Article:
When I was a little girl, my grandfather, John F. Berrent, was a retired guidance counselor who worked as a substitute teacher in the Baltimore City Public Schools. When the library was discarding its older titles, my grandfather would bring them to his house for me. The books used different paper than modern books. It was a thick paper that was often dyed purple around the edges – this on books such as Password to Larkspur Lane of the Nancy Drew series and Donna Parker at Cherryvale. I enjoyed reading these older books because the feel of them was special and nostalgic, something you could no longer easily obtain.
In August, I visited the town of Valladolid, Mexico in the Yucatan Peninsula while traveling between Chichen Itza to Tulum and Coba. I had a feeling I would like the town when I saw the sign that said: “Valladolid – Una Ciudad Limpia y Tranquila” (A Clean and Calm City). My husband and I agreed – that’s our kind of place. However, I did not expect that I would be so lucky as to stumble upon the library. The kindly librarians and the older titles reminded me of Saturday afternoons reading in my grandfather’s living room in Dundalk, Maryland. It brought me back to that place in my childhood, and I was absolutely thrilled to visit a library in Mexico and see how a beautiful colonial town has made a place for los libros.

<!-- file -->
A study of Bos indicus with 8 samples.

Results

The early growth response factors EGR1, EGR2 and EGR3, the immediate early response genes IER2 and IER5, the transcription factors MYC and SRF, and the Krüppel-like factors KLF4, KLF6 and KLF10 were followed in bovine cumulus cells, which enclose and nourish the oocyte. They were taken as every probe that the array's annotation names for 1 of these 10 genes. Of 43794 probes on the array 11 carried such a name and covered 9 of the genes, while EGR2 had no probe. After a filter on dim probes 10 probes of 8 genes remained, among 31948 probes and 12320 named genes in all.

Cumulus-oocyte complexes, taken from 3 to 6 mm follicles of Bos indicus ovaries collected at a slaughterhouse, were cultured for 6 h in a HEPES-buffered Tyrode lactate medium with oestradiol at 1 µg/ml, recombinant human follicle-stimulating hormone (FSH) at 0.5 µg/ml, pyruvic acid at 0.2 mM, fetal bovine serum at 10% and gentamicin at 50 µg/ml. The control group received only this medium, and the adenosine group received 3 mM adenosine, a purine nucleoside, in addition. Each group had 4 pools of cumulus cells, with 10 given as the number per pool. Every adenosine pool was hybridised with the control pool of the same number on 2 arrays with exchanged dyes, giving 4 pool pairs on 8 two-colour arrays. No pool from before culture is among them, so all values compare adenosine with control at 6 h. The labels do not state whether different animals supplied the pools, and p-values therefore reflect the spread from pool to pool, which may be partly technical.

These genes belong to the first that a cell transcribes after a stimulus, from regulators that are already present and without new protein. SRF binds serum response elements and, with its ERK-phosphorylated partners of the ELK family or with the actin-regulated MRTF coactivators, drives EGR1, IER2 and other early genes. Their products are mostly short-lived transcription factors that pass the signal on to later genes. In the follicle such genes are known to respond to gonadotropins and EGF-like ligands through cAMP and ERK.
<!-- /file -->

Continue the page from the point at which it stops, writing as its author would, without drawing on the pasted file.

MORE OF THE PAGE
3 thoughts on “La Biblioteca de Vallodolid”
Thank you for this excellent post complete with pictures. It is wonderful to see international examples of libraries. Check out our page for other library news and examples of works being done by library school students.
Hello to my fellow book lovers from the American Libraries Association in Tennessee! You are so very welcome. I am honored that you have re-blogged my post. I am a lifelong library patron and a true book lover, and I know the library is a very important place for many people in our country and around the world. Keep up the great work!
Reblogged this on and commented:
Great post about a library in Vallodolid, Mexico.